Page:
The Issue

On July 17, 2014, the Director of Regulatory Affairs for West and Central Africa of British American Tobacco (BAT), sent to some Ministers of Health of the Economic Community of West African States (ECOWAS) a document entitled “Our position on the WHO / FCTC / CRES suggestions on tobacco taxation in West Africa”. In the document, BAT argued against an increase in tobacco taxation in the region on the ground that “high excise taxes can inhibit the development and retention of a value-added industry which generates economic growth and development”.

This tobacco industry initiative was initiated as a result of the work undertaken to raise tobacco tax in the ECOWAS and WAEMU – West African Economic and Monetary Union – by the WHO, Centre for Tobacco Control in Africa (CTCA), the Observatory of Tobacco in Francophone Africa (OTAF) and the Consortium for Social and Economic Research (CRES), an independent institution based in Dakar and specialized in social and economic research on tobacco. Two draft guidelines were developed which received the unanimous approval of all parties concerned and were being examined for adoption by the two regional organizations.

In view of countering the efforts of these TC organizations, tobacco companies, headed by BAT, conducted an aggressive disinformation, intimidation and blackmailing campaign towards the governments in the regions in order to prevent the adoption of the guidelines. BAT sent letters to governments, discrediting the work of the organizations involved in preparing the guidelines. In so doing, the tobacco industry was dissuading governments from fulfilling their obligations under the WHO FCTC which they had all ratified. Article 6 of the treaty recognizes that “price and tax measures are an effective and important mean of reducing tobacco consumption in various segments of the population, especially young people”. The campaign was not only misleading but constituted real proof of tobacco manufacturer’s intention to interfere in States public policy.

Civil society response

Regional public health organizations, committed to preventing and reducing the harms caused by tobacco released a Press Statement asking the ECOWAS and WAEMU Member States Governments not to be side-tracked by BAT’s interference, but rather, to remain committed to the draft guidelines to develop effective instruments to implement the FCTC in the region. An urgent call was made to these Governments not to be dissuaded by BAT hostile campaign of misinformation and pressure from fulfilling their commitments regarding tax measures to reduce the demand for tobacco products under the WHO FCTF. ECOWAS and its Member States were urged to strictly follow, among others, the following recommendations of the FCTC Article 5.3 Guidelines, noting that the application of these is inter-sectoral and not limited only to public health ministries:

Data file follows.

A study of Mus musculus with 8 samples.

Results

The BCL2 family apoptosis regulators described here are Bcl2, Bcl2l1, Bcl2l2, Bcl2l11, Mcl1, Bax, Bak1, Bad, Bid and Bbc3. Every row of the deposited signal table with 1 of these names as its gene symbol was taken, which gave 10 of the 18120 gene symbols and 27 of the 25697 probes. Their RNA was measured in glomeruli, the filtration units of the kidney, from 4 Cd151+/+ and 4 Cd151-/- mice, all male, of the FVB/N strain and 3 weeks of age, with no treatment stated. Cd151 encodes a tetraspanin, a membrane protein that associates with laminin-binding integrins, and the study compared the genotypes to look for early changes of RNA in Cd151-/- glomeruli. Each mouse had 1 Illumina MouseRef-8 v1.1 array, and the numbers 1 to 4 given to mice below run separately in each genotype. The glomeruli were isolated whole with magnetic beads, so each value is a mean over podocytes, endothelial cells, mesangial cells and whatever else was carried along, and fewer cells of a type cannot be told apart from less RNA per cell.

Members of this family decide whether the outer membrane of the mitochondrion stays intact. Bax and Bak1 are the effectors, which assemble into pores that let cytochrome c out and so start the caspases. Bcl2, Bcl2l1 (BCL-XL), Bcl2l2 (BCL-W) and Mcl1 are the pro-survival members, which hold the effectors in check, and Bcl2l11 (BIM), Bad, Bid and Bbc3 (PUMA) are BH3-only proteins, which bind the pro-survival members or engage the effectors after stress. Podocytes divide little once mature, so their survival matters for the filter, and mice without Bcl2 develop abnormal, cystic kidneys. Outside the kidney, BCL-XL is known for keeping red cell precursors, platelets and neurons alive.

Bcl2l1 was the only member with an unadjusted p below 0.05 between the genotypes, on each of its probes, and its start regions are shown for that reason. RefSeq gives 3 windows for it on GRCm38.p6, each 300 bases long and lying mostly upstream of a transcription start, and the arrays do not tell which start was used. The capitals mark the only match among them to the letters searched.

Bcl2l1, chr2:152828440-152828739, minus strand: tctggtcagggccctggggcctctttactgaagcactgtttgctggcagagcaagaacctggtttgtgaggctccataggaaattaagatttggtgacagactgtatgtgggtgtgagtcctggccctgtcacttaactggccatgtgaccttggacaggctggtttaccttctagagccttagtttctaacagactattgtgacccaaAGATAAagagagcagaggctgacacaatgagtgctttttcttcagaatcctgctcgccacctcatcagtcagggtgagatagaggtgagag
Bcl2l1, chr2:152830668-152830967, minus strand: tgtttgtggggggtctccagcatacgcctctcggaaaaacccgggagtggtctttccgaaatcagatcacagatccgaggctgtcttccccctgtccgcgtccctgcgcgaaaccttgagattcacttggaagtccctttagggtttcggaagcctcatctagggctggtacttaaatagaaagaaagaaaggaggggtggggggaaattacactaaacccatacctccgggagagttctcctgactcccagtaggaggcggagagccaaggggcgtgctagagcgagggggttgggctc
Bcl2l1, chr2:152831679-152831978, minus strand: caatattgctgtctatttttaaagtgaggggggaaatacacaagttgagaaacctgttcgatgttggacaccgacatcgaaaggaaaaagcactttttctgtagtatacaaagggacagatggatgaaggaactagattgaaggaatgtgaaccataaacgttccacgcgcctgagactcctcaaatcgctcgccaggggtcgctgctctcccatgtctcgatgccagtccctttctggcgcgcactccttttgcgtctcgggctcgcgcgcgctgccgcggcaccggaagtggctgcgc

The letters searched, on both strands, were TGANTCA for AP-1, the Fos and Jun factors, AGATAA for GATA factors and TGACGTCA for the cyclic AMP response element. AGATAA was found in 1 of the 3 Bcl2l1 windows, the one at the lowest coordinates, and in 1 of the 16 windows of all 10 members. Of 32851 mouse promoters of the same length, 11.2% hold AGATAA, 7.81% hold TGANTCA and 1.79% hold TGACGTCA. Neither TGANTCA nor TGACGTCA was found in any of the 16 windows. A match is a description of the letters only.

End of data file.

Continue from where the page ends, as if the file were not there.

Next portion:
• Interact with the tobacco industry only when and to the extent strictly necessary to enable Parties to effectively regulate the tobacco industry and tobacco products and conduct any necessary interactions with full transparency.
  • Reject partnerships and non-binding or non-enforceable agreements with the tobacco industry.
  • Reject any assistance with or any proposed tobacco control legislation or policy drafted by or in collaboration with the tobacco industry.
  • Prohibit tobacco industry involvement in any youth, public education, or other tobacco control initiatives.
  • Prevent tobacco-related conflicts of interest for government bodies, officials, and employees involving occupational activities by government officials, employees, and contractors with both government and the tobacco industry, tobacco holdings by government institutions or their officials or employees, tobacco industry political contributions, payments, or gifts to government officials or employees or contributions to government institutions or bodies, and tobacco industry representatives or any entity acting on its behalf from serving on any government committee.
  • Prohibit incentives, privileges, benefits or exemptions for the tobacco industry.
  • Ensure that any investment in the tobacco industry does not prevent Parties with a State-owned tobacco industry from fully implementing the FCTC.

The Press Release was endorsed by the Centre for Tobacco Control in Africa (CTCA), the University of Cape Town, South Africa (UCP), the African Tobacco Control Alliance (ATCA), the Observatory of Tobacco in Francophone Africa (OTAF), and the Consortium for Economic and Social Research (CRES).


Despite heavy pressure from British American Tobacco, in December 2017, the 15-member ECOWAS (Economic Community of West African States) and the 8-member WAEMU (West African Economic and Monetary Union, a subset of ECOWAS) passed new Tobacco Tax Directives. Both Directives increased the minimum ad valorem excise tax rate to 50%. In addition, the ECOWAS Directive introduced a minimum specific tax (US$ 0.02/stick).